Prime Minister Narendra Modi and China’s President Xi Jinping will meet once again this Friday-Saturday at Wuhan, the capital of Hubei province which stands at the confluence of the Han and Yangtze rivers and is recognised as the political, economic, financial, cultural, educational and transportation centre of central China. It has a 3,000-year-old history and has played a significant role in China’s recent history. Will history be made now once again in Wuhan?
The significance of this meeting is not that the two leaders are meeting under the shadow of Doklam.
There is a larger shadow of the looming trade war and the attendant rollback of
globalisation, in which US President Donald Trump has fired the first shot with sanctions targeting $100 billion of US-China trade.
The collapse of the globalisation arrangements that had set off the greatest expansion of the world economy in the past three decades threatens not just China’s economic well-being but that of India as well.
Globalisation has benefited China the most, but India too has hugely benefited by it. While China has a huge market for its manufactured goods in the United States and has a trade surplus of $245 billion, India had an IT market of $120 billion last year.
We must not forget that the value addition of India’s IT exports vastly exceeds the value addition generated by China’s export of manufactured goods to the US. The high economic growth rates in both countries owe a great deal to their trade with the United States and the huge trade deficits the US has with both countries. Thus, for the first time in decades, the most immediate and important objectives of India and China coincide. Both leaders will see the need to act in concert. Clearly this will be at the top of the Xi-Modi agenda in Wuhan.
Next on the agenda will most certainly be the huge trade gap in favour of China that has resulted in India directly contributing about $350 billion to China since the turn of this century. Of this, almost $250 billion has happened in the past five years. The reduction of this will almost certainly be next on the agenda. India was hoping that China would mitigate this somewhat by investing in India, preferably by commercial FDI, instead of the debt trap OBOR investments. India has rightly been sceptical about the OBOR economic play, which is little more than a grand scheme to run down Chinese reserves in US banks and relieve China’s industrial overcapacity in its infrastructure related sectors like cement, steel and power generation.
In this manner, the zero earning reserves are converted into interest-bearing loans to hapless countries like Pakistan and Sri Lanka. Sri Lanka is already feeling the bite of the Hambantota “investments” and has to restructure the debt by giving the port and 19,000 acres on a 99-year lease to a Chinese SOE.
By providing large loans on generous repayment terms, investing in major infrastructure projects such as the building of roads, dams, ports, power plants and railways, and offering military assistance and political support in the UN Security Council through its veto power, China has secured considerable goodwill and influence among countries in the region around India.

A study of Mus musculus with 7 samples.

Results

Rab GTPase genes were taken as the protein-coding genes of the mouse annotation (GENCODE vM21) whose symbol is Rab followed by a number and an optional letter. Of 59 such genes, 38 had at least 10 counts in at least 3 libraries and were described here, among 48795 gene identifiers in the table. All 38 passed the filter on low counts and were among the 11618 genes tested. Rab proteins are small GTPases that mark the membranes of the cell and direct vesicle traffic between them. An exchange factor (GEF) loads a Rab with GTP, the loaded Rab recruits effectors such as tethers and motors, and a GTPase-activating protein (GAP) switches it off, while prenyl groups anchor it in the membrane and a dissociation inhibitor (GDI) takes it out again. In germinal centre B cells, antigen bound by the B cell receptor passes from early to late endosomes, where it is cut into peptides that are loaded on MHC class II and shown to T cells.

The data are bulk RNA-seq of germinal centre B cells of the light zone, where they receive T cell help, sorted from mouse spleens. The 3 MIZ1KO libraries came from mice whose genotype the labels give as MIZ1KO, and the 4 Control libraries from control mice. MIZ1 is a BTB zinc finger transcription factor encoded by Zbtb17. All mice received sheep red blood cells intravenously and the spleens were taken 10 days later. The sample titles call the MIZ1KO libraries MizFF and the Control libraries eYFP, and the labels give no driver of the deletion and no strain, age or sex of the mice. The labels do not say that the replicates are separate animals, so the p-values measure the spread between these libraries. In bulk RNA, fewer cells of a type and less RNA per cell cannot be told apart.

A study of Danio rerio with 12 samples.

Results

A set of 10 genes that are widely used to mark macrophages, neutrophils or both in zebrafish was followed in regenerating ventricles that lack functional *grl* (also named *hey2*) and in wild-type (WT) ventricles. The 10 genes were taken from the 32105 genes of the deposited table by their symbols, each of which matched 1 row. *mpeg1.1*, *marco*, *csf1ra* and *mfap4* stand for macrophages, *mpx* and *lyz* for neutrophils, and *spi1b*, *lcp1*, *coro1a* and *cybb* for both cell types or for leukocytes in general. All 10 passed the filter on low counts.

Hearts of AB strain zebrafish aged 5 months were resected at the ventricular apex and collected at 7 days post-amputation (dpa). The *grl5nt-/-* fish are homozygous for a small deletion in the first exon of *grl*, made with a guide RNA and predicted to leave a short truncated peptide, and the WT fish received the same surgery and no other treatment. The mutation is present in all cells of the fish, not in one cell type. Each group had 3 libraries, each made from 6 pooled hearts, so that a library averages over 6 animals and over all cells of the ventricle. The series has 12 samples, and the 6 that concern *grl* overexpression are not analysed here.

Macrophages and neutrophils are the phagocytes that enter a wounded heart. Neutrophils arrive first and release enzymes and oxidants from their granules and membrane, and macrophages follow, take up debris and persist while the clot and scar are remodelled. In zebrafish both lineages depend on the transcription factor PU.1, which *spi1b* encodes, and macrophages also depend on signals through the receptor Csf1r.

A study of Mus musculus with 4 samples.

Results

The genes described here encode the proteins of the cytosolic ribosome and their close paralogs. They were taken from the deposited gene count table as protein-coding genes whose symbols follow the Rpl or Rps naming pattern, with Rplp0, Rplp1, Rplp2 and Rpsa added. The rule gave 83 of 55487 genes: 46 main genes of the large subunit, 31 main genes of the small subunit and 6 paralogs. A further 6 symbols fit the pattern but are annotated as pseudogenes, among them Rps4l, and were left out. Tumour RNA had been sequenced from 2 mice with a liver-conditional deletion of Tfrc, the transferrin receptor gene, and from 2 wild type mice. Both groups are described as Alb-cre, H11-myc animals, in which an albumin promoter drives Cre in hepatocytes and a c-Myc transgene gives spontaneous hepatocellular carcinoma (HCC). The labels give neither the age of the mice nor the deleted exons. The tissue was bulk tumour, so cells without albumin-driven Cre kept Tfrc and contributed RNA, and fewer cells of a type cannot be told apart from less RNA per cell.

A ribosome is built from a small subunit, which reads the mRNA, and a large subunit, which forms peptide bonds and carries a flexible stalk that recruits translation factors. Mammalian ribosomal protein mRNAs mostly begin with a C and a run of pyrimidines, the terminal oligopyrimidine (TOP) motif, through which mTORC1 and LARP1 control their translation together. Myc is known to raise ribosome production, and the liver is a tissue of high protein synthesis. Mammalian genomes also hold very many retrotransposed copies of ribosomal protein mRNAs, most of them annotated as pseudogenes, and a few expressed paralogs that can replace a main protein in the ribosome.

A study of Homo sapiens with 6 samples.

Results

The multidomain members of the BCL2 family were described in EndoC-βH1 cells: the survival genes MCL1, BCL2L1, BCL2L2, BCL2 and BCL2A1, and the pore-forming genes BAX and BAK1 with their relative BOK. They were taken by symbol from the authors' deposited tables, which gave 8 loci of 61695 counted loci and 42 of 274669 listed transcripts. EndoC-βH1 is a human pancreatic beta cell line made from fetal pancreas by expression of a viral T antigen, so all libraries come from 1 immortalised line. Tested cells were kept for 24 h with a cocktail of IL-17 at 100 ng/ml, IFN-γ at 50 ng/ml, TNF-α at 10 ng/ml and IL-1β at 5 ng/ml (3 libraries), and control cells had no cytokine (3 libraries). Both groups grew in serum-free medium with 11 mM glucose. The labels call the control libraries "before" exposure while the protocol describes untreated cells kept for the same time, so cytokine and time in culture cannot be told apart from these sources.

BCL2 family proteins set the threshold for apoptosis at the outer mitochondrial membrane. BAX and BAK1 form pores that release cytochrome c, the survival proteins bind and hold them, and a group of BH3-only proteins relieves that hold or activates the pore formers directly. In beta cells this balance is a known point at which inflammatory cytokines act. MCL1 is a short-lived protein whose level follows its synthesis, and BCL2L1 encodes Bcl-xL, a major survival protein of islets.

The list of countries that are coming within China’s strategic orbit appears to be growing. Sri Lanka, which has seen China replace Japan as its largest donor, is a case in point — China was no doubt instrumental in ensuring that Sri Lanka was granted dialogue partner status in the Shanghai Cooperation Organisation. China has made major inroads in Nepal and has forged ideological and pecuniary relationships with many leading Nepalese politicians and opinion makers. Anti-Indianism, always a given in Nepali domestic politics, is growing more legs now. Most recently, China has been attempting to bring a change in India’s historical and treaty relationship with Bhutan.
The rise of China as the world’s greatest exporter, its largest manufacturing nation and its great economic appetite poses a new set of challenges. At a meeting of Southeast Asian nations in 2010, China’s foreign minister Yang Jiechi, facing a barrage of complaints about his country’s behaviour in the region, blurted out the sort of thing that polite leaders usually prefer to leave unsaid. “China is a big country,” he pointed out, “and other countries are small countries and that is just a fact.”
The fates of India and China in a world of rapid economic, technological and social change are inextricably linked. The GDPs of India and China within the next two decades will exceed that of the G-7.
A major global power shift is underway. India and China must wake up to this reality and be prepared to play a historic role instead of living out the childish fantasies of their half-baked and under-educated “strategic experts”. China is bound to express its concern about joining the Quadrilateral, a quasi-alliance favoured by American strategists, of the United States, Japan, Australia and India. It is just a Western wish. We know what is in our interests and what is not. The United States, Japan and Australia are separated from China by vast oceans and enjoy a sense of security that India cannot. We have a big land border with China and it will feel the immediate consequences of any armed conflict.
The US and Japan are too closely economically integrated with China to be taken as credible allies by India. If anything India knows, it knows it stands alone.
India didn’t take part in OBOR because there was nothing of interest to it in that. When China makes a proposal that will incorporate India into its worldview, India will respond suitably. Otherwise India has no intention of paying court to the “Emperor Far Away”. There are some indications that there is a belated realisation of this within China now. The greater economic integration of India and China is the best hope for China’s and India’s sustained long-term economic growth.